Friday, March 18, 2005

The So-Called "Nuclear Option"

I am so sick of hearing the media talk about the so-called "nuclear option." The whining of the senate democrats have once again swayed the passions of the MSM. The "nuclear option" was exercized by the democrats four years ago when they decided to subvert the power of the president by fillabustering his judicial nominations. Yet this "nuclear option" is not discussed by the MSM.

Let me see if I can explain how this is supposed to work, keeping in mind that I am not a constitutional law expert. The constitution, you know, that piece of paper on which our government is based, clearly describes the powers of the president. One of those powers is to appoint federal judges and supreme court judges. The senate then has the power to either vote them "up," approving the nomination, or "down" rejecting the nominee.

In this case, the president has nominated 10 people to occupy spots as federal judges (this was four years ago by the way). The majority of the senate approves of the nominees, so the senate, if allowed, would confirm these nominees. However, in a move to spite the president, and the senate republicans, the senate democrats have insigated a fillabuster. This is where a member of the senate takes the floor of the senate to debate the nominee (or a bill in other situations) but then refuses to relinquish the floor, meaning that a vote cannot be taken. The senate can over rule the fillabuster, but only with a 2/3eds margin of the senate. The republicans cannot muster 2/3ed majority to over rule the fillabuster, but do have the votes needed to confirm the nominees.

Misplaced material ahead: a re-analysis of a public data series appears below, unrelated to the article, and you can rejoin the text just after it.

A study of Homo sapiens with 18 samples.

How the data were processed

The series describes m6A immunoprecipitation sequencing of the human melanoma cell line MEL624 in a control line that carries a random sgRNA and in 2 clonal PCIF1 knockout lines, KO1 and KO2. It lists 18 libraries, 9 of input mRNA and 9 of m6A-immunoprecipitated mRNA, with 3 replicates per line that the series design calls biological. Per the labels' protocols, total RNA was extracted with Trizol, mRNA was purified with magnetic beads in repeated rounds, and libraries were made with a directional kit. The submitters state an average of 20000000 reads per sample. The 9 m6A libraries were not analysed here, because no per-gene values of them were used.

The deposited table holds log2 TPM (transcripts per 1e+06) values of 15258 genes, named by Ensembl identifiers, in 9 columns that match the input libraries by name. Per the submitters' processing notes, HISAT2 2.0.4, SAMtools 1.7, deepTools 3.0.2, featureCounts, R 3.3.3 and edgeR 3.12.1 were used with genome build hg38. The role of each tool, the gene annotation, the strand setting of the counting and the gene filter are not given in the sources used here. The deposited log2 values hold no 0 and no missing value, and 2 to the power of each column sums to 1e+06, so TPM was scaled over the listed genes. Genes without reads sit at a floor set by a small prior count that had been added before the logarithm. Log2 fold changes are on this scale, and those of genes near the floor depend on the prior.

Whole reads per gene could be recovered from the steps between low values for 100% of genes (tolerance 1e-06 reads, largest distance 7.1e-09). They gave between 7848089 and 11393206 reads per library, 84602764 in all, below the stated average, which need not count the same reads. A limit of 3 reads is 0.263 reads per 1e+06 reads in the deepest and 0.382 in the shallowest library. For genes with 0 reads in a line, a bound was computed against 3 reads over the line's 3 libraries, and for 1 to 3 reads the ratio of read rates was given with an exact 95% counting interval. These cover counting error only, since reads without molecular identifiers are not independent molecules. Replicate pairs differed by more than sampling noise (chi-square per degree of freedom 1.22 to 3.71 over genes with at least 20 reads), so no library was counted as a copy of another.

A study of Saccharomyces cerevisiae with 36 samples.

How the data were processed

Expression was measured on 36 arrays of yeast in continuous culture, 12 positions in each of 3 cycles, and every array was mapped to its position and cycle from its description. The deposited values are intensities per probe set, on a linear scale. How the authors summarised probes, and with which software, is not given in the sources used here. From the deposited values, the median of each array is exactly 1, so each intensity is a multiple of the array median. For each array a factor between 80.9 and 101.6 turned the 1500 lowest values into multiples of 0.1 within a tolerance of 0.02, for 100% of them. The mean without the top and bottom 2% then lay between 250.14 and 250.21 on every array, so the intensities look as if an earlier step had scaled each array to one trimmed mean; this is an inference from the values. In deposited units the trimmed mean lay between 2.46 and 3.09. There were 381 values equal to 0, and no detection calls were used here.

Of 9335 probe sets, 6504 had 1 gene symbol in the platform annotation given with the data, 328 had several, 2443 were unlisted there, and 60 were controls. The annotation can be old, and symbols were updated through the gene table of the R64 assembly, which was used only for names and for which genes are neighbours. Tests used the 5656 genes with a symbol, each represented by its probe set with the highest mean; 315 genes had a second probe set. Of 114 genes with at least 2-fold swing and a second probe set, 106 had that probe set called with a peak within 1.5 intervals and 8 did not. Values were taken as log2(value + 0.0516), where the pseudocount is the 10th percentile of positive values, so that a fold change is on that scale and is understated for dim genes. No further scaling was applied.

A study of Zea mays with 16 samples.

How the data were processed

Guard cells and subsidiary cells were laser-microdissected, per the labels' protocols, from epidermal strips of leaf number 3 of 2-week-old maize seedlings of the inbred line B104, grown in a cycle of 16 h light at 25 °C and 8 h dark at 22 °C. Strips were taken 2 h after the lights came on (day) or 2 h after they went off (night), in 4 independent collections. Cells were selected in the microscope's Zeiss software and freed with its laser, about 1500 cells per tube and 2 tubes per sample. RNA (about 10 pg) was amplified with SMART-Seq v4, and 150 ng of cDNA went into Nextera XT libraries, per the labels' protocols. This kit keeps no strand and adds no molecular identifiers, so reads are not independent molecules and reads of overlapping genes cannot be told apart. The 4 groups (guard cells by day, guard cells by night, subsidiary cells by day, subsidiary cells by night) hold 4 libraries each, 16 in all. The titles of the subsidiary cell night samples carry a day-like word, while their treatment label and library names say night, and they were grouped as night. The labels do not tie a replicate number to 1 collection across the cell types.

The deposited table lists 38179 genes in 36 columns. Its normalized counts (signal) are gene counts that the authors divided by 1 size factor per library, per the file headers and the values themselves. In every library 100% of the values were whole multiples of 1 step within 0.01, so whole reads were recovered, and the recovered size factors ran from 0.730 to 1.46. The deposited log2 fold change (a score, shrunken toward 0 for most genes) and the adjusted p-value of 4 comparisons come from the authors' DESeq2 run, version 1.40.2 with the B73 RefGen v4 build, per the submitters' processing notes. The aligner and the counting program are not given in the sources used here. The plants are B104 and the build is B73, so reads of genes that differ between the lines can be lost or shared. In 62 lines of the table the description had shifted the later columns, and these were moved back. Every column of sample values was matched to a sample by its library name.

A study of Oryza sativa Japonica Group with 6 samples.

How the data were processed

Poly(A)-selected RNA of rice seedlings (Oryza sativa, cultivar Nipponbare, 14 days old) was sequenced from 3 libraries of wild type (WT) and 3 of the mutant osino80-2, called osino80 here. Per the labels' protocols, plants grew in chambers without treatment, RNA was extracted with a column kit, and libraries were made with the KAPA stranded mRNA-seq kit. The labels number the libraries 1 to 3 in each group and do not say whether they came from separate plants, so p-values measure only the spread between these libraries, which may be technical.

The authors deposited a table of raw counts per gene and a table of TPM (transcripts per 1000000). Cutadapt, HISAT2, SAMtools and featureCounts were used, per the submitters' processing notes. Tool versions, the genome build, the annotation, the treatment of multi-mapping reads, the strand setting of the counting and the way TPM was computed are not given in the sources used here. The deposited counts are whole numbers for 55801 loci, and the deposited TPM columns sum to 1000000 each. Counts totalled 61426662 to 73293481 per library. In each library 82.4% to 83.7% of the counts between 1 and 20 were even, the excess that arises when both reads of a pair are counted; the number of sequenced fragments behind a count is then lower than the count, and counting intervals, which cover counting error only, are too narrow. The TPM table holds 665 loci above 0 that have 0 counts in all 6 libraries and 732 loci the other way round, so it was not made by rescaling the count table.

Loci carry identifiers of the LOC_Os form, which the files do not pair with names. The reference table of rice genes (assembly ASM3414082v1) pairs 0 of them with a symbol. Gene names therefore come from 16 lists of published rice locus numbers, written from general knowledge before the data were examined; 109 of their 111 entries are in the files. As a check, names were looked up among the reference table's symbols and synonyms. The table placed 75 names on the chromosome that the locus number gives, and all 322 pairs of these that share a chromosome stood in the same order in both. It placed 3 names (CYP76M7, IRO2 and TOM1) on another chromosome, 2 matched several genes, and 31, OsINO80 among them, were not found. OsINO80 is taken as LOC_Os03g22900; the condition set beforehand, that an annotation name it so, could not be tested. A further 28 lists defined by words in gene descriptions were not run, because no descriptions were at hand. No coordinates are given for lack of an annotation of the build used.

So, for all intents and purposes, the house democrats have stalled any movement that can be made as far as these judge positions are concerned. The so-called nuclear option is that the senate republicans can temporarilly change the rules of order in regard to the fillabuster, but only for judicial nominations, not for other senate business. The new rules would state that after the first vote to end the fillabuster, the senate could call for another vote with a smaller margin, a simple majority, to end it. This would allow for a fillabuster, but if only a small number of democrats are stalling business, the larger body could over ride the minority. This is completely constitutional. The media, however, rather than focus on the last four years of gridlock on these judicial nominations, focus on this attempt by the senate republicans to get some real work done.